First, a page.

13 June 2023

What the Covid inquiry can learn from local government

What the Covid inquiry can learn from local government image
Image: Chansom Pantip / Shutterstock.com.

The role of local government in responding to the pandemic and meeting the needs of local citizens will undoubtedly be a focus of the evidence provided in the UK COVID-19 Inquiry, which is starting to take evidence on the UK’s preparedness and resilience for the pandemic.

I carried out research to understand the unique experiences of Nottingham City Council and to place these in the broader context of the national impact of COVID-19 on local government. My analysis draws on publicly available evidence from the Outbreak Control Engagement Board and an in depth interview with the then deputy leader of the authority.

The study focused on the initial impact of the pandemic and the ability of the authority to respond, the effectiveness of the actions taken and the longer-term lessons from the unprecedented public health crisis.

Four key themes emerged: central Government was too slow in responding to the crisis and communication with the local authority was problematic, the local authority moved in a swift and agile way to provide online services, despite huge financial pressures the local authority played a crucial role in supporting the most marginalised members of the community, and partnership work with external agencies was critical to achieving positive results.

The Government announced the first UK nationwide lockdown on 23 March 2020. The clear view of the elected member interviewed for this study was that we should have gone into lockdown sooner and that this would have saved lives. The challenges in making such a momentous decision are acknowledged, trying to balance personal freedoms and the protection of the wider public, but many professionals on the ground were expressing significant concerns that the Government was too slow in taking decisive action.

A decade long programme of public sector cuts also made the challenges of responding to the pandemic more acute. Daily leadership meetings were held to coordinate the local response to the pandemic, but these were made more challenging by poor communication, and often partial data, being provided by central Government. Delivering services in the community was complicated by a lack of clarity about funding and a lack of clear guidance.

The experience of this local authority is that the shift to online delivery of services necessitated by lockdown was managed in an efficient way. The transformation of the way in which local authority services function occurred at an unprecedented pace. Elected members, and more senior decision makers quickly moved to digital networking and online meetings. Front-line staff faced different challenges needing to maintain and often expand services to vulnerable residents without the ability to rely on face-to-face contact.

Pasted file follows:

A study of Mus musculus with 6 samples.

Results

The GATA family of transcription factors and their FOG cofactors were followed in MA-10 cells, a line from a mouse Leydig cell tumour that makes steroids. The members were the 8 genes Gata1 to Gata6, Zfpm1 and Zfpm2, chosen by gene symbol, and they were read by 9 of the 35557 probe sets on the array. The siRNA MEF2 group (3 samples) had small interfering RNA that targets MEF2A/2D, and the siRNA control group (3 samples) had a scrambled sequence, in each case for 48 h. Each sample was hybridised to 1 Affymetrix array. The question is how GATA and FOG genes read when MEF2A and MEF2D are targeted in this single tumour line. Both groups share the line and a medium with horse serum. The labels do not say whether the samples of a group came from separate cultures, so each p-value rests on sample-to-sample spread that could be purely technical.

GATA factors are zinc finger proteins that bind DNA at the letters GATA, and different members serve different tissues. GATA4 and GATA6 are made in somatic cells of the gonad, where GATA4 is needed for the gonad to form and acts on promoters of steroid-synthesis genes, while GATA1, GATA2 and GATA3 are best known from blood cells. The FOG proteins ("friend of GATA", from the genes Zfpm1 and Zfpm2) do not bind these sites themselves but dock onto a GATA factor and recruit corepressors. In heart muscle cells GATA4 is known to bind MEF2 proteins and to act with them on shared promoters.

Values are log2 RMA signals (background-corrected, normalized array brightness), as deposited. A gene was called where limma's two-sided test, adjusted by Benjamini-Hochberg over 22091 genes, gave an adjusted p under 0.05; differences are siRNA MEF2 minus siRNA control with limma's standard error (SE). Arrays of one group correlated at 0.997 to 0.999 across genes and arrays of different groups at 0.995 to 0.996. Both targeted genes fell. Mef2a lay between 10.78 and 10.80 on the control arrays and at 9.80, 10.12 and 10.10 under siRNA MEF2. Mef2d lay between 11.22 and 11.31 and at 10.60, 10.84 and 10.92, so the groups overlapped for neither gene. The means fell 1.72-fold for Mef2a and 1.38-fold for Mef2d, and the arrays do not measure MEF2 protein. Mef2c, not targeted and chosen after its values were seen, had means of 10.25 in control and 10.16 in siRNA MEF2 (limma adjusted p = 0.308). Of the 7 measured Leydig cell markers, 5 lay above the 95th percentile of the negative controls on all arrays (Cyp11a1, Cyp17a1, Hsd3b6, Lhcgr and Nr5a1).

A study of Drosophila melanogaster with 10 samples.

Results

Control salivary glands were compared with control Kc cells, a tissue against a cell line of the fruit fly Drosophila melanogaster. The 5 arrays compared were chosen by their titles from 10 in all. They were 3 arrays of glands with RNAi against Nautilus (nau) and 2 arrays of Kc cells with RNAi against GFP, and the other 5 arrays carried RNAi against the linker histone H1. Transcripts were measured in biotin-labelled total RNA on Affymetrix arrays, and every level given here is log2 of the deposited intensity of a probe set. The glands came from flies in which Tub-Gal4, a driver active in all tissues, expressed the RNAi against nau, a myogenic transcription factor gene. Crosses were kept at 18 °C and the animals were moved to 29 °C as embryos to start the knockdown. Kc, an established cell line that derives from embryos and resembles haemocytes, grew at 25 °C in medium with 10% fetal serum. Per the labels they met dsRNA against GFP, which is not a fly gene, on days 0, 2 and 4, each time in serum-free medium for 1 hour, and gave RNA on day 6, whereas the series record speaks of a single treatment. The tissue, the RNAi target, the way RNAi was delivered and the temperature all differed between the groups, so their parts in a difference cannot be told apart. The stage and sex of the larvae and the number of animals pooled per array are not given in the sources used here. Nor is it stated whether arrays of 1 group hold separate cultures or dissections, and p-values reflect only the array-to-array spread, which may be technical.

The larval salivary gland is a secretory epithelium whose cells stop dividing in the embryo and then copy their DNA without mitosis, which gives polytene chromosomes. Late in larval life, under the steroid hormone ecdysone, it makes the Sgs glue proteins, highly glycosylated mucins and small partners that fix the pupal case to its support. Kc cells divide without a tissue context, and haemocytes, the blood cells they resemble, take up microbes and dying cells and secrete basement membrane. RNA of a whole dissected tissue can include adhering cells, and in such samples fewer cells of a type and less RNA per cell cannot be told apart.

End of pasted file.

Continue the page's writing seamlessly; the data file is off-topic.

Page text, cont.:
Digital systems were quickly put into place to maintain data security and to verify information (such as financial details). Telephone services were relied on more heavily, but a nuanced approach was needed to ensure that new systems did not exclude people with disabilities or those whose first language is not English. In the longer-term, hybrid working, and digital technologies have remained a permanent feature of local authority provision, but for this authority face-to-face services have returned in full.

The pandemic underscored the vital role that local authorities play in responding to the complex needs of the community. Statutory services needed to be maintained alongside a new set of responsibilities such as procuring and suppling personal protective equipment (PPE), supporting local businesses, providing medicine and food to residents who were shielding, and working with education providers to deliver online learning. This local authority provided a customer services COVID-19 ‘golden number’ to deal with urgent enquiries, telephoned 1,200 people who were shielding, and conduced in-person welfare checks on 2,500 residents who were not responding. The new practical and financial burdens came on the back of long-term funding pressures and central Government cuts.

Effective partnership work was vital for this local authority to deliver positive outcomes to citizens. This included effective joint working with internal partners (such as housing and public health) and external agencies (such as the NHS and universities). This study showed that positive relationships were forged and consolidated both internally and externally, although sometimes an extra level of compromise and dialogue was required with external partners. This partnership work was vital in delivering public health messaging, working with schools, moving rough sleepers into accommodation, and setting up vaccination centres.

Richard Machin is senior lecturer in Social Work and Health at Nottingham Trent University.